Sometimes, the days, weeks, months, and even years after dropping out of graduate school can feel like the aftermath of a terrible storm. You are happy to be out of it. So relieved that it is over. But your life is in shambles. Maybe it's not even a life.
Find a job. Do I go back to school? How do I pay the rent? My loans are more than I can ever pay off. Go back home or stay here? Well, I am too old to go back home to mom and dad.....maybe I'll have to, though.
These are the automatic thoughts and problems that trouble us drop outs. At some point, longer for some than others, we pull ourselves out of bed and force ourselves to consider what's next. We have to ask ourselves some basic questions again. Who am I? What makes me happy? What fulfills me? The answers are ones that we have asked ourselves, subconsciously, up until we went to graduate school. At that point, thoughts stopped, doubts were pushed aside, and we began molding into our surroundings in terms of behavior, belief, and thought.
I began to feel like my old self again when I got up and got going. For me, this didn't take long. I began planning for leaving while I was still in school, as many of you do, and I didn't allow myself more than a few days in bed. I made a new plan, and this time, I followed my heart and not my head. I got a job. Not a fancy one, not a high paying one, and one way below my qualifications. But one that I thought I would like, and this is all that matters!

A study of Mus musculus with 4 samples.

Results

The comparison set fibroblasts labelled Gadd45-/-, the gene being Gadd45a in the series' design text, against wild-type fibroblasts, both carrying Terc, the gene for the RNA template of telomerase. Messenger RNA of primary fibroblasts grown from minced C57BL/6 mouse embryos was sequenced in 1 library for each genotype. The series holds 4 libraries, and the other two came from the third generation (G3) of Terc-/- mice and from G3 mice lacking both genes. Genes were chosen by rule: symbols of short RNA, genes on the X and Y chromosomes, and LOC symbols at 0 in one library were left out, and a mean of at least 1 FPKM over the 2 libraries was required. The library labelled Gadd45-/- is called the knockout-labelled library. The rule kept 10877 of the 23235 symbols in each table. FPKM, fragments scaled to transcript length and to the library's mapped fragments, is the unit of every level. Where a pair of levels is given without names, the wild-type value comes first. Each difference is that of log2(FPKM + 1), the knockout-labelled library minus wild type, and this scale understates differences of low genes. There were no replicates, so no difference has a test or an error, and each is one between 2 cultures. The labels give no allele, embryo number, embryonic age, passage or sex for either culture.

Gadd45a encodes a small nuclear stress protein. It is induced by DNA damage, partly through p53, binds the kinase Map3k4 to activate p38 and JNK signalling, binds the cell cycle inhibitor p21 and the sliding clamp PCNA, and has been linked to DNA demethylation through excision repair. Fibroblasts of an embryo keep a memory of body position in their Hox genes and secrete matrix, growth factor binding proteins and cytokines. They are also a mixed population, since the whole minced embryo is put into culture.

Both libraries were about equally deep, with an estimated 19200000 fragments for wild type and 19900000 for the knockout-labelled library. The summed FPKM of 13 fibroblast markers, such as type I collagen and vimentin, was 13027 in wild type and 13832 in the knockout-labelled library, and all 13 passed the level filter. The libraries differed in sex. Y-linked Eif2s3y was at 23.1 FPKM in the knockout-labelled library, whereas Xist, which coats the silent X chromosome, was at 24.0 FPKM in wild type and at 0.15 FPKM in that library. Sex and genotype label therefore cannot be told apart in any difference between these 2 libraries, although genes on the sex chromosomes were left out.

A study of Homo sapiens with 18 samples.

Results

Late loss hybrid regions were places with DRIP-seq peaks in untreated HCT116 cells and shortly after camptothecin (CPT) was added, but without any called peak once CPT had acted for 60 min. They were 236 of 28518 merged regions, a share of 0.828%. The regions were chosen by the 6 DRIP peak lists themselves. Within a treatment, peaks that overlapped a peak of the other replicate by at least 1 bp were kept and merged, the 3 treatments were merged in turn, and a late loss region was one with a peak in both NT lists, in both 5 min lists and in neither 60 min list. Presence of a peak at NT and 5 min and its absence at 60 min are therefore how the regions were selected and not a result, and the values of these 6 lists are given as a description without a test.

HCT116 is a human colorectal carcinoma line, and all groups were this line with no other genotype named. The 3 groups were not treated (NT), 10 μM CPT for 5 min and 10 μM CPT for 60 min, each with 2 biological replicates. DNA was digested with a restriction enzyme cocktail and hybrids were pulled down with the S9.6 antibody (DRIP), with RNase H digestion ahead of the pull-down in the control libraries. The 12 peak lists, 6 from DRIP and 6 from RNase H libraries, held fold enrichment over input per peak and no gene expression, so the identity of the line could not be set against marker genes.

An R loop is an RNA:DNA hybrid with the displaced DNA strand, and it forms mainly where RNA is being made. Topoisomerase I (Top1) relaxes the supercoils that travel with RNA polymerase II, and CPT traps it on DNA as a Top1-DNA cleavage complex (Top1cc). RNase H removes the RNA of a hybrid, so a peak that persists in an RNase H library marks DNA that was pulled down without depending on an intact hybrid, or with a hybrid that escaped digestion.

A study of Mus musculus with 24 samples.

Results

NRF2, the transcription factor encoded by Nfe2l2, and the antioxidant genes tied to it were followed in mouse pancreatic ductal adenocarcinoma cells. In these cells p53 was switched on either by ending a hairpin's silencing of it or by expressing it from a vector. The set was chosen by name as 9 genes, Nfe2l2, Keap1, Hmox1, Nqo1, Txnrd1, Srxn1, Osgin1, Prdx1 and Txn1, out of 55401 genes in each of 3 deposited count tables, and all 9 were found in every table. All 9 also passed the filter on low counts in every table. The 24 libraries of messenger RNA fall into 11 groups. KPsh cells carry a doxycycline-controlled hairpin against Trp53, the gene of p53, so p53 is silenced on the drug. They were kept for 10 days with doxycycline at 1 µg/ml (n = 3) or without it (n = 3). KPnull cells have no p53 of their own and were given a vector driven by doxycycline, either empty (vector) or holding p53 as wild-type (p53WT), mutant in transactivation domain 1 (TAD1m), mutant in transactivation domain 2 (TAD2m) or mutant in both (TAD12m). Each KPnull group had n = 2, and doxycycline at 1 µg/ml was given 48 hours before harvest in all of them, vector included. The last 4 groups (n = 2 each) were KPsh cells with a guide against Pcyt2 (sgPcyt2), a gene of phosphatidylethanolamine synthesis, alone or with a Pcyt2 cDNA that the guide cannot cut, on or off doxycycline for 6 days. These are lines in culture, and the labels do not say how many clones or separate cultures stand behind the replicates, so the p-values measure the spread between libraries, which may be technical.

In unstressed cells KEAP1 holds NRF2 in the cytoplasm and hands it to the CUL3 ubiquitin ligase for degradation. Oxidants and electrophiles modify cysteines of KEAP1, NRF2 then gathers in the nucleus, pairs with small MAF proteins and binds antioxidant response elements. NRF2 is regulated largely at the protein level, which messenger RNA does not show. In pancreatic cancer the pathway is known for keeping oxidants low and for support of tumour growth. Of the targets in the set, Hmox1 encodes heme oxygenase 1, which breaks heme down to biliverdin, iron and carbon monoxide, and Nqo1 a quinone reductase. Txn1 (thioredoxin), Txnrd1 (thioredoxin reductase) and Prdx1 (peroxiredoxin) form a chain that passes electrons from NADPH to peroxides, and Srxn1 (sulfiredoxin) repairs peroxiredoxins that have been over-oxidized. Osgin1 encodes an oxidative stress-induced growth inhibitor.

One of our main problems is feeling like a normal person again. It is hard to feel normal when we spent so long feeling "special." Feeling smarter, feeling accomplished. Like we had a goal. And suddenly, there's nothing to grasp at. It's more than getting our lives together - it is altering our thinking. Of ourselves, of others, of the world.
We are all somebody. Dropping out of grad school can be like going from being the president of a company to being jobless. Especially if you were one of only a few people chosen, as I was, or some crazy statistic like that. You have to realize again that your life still means something. We still mean something. And we can still be someone.
I work in a hospital in a position that literally anyone could do. There is no experience needed, no school needed. Sure, I don't belong there, but it will always be the place that picked me up off my feet. I love what I do, and when a patient looks in my eyes and tells me they love me, or that I am the only one who has listened, I realize that each of these experiences makes me important, makes it all worth it. And we can all get here, to the place where we are not only content with our lives and place in the world, but happy with it.
I can still be "somebody." And so can you.